The systems to prevent and mitigate Appalachia’s escalating opioid addiction are broken. Treatment clinics are needed urgently. Yet, prevention funding is often based on federal and state priorities, not local or regional needs. The epidemic persisted for years before government agencies prioritized money for opioid-focused prevention in Appalachia. We need sustainable, scalable revenue to support effective and timely prevention services.
Using social franchising as a route to simultaneously scale and impact treatment and prevention, RESTORE will establish a network of 35 branded, revenue-generating, non-profit, office-based outpatient treatment clinics. These clinics will provide revenue for rapid reinvestment into local prevention agencies. RESTORE will serve up to 2.7 million people in Appalachia’s highest-need, historically underserved areas.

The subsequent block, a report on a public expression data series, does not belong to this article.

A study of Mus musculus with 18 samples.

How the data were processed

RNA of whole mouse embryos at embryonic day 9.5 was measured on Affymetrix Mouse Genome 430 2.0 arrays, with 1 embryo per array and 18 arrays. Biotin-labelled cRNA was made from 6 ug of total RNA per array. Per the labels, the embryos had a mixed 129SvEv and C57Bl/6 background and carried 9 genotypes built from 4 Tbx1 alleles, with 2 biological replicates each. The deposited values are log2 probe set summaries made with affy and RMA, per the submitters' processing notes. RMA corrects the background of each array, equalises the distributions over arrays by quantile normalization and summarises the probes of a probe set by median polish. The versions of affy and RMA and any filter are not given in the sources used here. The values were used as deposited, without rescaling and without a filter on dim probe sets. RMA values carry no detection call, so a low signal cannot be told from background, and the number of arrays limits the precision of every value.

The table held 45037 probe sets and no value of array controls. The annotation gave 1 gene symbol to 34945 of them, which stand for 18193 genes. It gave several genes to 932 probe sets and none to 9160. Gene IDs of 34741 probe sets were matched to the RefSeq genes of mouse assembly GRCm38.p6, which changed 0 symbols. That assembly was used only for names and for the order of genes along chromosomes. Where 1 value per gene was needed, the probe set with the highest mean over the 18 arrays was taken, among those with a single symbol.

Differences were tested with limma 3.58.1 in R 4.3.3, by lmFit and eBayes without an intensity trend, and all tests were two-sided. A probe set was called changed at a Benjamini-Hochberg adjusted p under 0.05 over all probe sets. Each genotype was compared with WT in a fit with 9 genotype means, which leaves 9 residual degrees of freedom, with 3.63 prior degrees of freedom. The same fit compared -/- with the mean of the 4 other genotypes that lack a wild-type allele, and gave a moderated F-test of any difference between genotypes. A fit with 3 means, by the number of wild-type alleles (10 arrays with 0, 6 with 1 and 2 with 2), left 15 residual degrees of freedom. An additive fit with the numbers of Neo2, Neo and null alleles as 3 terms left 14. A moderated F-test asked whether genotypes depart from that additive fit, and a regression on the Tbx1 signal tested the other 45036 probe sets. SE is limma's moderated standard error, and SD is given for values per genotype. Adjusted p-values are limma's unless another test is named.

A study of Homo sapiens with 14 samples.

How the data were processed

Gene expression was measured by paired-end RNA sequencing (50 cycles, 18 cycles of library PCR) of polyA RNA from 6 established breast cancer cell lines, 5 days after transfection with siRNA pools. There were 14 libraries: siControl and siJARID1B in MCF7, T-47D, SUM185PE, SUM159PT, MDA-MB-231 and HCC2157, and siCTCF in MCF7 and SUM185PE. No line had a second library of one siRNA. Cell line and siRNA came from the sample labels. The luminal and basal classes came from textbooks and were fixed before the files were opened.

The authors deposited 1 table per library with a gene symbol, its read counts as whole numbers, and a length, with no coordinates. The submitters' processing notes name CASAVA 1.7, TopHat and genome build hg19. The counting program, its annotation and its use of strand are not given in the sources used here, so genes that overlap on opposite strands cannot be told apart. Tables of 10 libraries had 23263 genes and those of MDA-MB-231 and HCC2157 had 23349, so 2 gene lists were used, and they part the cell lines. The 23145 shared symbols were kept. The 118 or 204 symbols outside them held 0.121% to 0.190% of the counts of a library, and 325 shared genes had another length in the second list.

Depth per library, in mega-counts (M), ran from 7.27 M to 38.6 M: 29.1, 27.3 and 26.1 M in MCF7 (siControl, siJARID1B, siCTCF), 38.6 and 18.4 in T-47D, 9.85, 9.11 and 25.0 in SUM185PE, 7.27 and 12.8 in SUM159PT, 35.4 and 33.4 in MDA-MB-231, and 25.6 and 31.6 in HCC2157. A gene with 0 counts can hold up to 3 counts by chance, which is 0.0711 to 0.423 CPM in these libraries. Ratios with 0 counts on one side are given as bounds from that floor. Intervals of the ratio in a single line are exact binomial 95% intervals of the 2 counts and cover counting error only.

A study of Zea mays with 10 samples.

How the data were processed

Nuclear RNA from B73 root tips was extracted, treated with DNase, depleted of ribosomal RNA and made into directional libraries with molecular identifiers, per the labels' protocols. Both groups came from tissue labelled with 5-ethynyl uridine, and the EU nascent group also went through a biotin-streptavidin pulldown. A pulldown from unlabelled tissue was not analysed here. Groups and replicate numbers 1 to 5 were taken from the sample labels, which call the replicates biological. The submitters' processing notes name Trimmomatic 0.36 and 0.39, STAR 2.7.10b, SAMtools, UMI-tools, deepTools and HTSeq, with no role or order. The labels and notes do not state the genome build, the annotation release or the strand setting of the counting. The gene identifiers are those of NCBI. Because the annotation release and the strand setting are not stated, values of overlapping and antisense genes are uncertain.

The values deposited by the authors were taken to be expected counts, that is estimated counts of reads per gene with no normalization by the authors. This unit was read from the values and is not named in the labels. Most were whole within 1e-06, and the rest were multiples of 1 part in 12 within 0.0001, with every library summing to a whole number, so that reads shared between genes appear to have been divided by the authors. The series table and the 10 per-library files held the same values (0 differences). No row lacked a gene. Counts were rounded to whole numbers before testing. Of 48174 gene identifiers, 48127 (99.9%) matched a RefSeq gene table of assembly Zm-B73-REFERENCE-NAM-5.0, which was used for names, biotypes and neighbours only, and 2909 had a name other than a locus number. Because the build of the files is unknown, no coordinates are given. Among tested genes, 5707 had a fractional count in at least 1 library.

East Tennessee State Universitywebsite: https://www.etsu.edu/cph/pdam/
One key deliverable is enrolling rural addiction medicine clinics and providers into a network for comparative effectiveness trials and rapid dissemination of evidence-based practices. The second grant was to establish the ETSU/NORC Rural Health Equity Research Center, one of seven Health Resources and Services Administration (HRSA)-funded Rural Health Research Centers in the nation. Awarded to the ASC partnership with the University of Chicago's National Opinion Research Center, the ETSU/NORC RHERC is focused on the substance use disorder epidemic in the U.S. through the lens of rural health equity.